Milwaukee’s William Harley and his childhood friend, Arthur Davidson, spent two years working on their first motor-powered bicycle before they completed it in 1903. Although their first motorcycle didn’t work as planned — it couldn’t make it up hills without the rider’s pedaling — it was the beginning of one of the world’s most iconic brands.
Harley-Davidson will mark its 110th anniversary this year with celebrations around the world, including one in the company’s hometown during Labor Day weekend.
That weekend could be a “challenging” time for groups to visit the Harley-Davidson Museum because it will be so busy, said Brook Smith, project manager of museum communications, but the museum customizes tours, packages and experiences for any group.
The museum, which opened in 2008, has the most extensive collection of original, straight-from-the-factory-floor Harley-Davidson motorcycles on display. The museum also has the oldest known Harley in existence, dubbed “Serial Number One.”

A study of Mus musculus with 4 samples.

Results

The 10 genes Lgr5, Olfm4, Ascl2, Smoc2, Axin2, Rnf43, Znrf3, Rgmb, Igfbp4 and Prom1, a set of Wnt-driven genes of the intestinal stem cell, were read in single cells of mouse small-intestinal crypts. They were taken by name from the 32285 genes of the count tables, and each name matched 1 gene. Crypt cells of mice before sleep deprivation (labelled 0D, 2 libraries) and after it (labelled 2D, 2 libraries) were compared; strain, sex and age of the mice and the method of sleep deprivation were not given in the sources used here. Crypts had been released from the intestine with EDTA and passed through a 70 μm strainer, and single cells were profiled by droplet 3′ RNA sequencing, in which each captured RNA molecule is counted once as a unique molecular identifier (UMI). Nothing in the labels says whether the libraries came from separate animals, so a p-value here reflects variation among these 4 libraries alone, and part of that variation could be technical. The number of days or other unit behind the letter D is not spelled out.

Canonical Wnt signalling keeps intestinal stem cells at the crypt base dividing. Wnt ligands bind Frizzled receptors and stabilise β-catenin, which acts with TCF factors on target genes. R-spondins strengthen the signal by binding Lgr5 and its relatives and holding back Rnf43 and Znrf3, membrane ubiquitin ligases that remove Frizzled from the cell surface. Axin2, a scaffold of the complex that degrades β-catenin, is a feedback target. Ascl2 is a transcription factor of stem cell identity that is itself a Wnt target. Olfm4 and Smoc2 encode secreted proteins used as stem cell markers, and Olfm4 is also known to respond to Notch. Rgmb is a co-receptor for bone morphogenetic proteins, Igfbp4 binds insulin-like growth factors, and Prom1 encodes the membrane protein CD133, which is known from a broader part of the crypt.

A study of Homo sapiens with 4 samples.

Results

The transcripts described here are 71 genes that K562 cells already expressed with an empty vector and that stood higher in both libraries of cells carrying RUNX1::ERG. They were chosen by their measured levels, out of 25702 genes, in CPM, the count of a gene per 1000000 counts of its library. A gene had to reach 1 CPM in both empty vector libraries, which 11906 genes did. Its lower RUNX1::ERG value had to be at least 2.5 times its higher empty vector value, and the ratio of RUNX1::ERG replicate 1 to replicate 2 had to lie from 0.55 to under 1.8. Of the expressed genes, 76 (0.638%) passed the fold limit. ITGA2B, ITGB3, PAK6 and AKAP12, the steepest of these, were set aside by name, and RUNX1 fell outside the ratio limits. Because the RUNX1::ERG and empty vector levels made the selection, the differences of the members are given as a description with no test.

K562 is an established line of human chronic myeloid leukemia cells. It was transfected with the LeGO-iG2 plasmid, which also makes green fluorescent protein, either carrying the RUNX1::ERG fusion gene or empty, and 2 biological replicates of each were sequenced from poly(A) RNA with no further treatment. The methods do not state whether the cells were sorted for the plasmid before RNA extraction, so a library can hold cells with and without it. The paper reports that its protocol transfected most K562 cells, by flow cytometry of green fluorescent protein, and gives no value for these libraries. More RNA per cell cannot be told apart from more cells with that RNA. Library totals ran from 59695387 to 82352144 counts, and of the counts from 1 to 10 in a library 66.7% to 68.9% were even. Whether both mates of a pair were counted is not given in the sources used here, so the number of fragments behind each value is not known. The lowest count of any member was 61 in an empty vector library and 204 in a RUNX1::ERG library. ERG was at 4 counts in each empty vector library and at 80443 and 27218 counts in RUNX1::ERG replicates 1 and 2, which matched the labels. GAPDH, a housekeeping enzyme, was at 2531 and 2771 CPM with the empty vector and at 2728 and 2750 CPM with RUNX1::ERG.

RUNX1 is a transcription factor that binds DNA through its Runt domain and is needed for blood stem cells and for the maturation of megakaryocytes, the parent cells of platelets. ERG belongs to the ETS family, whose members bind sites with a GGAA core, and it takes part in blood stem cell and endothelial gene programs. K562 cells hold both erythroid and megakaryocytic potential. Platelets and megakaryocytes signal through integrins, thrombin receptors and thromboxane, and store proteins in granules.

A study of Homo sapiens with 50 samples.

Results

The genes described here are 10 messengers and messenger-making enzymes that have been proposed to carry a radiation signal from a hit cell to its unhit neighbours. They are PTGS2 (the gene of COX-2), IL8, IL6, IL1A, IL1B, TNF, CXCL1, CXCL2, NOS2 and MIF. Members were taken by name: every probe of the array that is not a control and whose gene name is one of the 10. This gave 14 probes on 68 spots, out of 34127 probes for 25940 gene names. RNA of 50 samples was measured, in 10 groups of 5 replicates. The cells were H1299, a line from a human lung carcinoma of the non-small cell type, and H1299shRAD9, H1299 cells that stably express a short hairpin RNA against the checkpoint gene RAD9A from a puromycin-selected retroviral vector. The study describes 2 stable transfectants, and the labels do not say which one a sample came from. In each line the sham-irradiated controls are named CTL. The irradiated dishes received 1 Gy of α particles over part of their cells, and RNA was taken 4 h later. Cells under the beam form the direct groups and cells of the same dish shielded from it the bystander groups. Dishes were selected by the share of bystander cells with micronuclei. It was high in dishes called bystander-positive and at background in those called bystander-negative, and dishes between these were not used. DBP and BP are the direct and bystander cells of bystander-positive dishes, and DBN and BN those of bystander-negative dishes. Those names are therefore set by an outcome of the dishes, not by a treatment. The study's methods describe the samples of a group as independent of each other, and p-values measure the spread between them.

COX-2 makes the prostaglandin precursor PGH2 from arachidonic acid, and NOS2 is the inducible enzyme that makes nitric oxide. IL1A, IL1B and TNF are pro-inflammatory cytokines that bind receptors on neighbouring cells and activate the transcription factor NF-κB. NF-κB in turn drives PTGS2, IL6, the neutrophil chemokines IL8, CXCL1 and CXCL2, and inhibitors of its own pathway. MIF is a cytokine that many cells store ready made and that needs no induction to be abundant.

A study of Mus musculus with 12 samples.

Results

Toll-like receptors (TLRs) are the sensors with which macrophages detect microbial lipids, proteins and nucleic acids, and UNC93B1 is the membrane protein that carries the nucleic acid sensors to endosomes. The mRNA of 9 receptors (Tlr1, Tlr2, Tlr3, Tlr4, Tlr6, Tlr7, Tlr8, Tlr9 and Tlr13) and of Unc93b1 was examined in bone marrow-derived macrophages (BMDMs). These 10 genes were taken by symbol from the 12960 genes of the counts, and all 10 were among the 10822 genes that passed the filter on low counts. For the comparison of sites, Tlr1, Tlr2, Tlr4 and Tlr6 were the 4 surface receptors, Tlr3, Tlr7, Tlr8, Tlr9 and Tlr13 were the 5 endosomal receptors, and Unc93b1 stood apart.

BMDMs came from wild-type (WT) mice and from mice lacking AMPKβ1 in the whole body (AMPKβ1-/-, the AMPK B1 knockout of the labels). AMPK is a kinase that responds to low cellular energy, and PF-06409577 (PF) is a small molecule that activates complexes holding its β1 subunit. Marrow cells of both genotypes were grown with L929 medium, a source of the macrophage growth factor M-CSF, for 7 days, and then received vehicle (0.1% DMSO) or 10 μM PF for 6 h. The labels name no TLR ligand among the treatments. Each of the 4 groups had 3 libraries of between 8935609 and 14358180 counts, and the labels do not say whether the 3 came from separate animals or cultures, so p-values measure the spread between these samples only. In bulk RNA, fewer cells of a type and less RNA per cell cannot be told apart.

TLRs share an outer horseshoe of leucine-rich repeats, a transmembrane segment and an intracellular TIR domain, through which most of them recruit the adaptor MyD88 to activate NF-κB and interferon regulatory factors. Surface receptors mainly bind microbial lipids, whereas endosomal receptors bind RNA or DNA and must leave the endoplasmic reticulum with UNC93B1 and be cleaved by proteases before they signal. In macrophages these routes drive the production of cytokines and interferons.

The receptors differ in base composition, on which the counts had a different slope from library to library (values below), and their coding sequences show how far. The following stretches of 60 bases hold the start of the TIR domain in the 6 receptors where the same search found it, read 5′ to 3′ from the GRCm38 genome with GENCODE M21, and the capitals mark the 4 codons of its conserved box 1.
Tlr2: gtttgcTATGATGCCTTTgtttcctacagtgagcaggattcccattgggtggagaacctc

In the Clubs and Competition gallery, guests find a re-creation of a banked wooden board track that was a popular — and dangerous — form of motorcycle racing in the early 1920s. The Design Lab showcases the history of the company’s innovation, including a handwritten design notebook from the 1940s, and the Experience Gallery allows visitors to sit on Harley-Davidson motorcycles.
“You don’t have to own a motorcycle to enjoy what you see and hear,” Smith said. “I commonly hear visitors — both groups and individuals — after they go through the museum say, ‘Wow, that wasn’t what I expected.’ They expect it to just be a bunch of motorcycles, but really, it’s a walk through history.”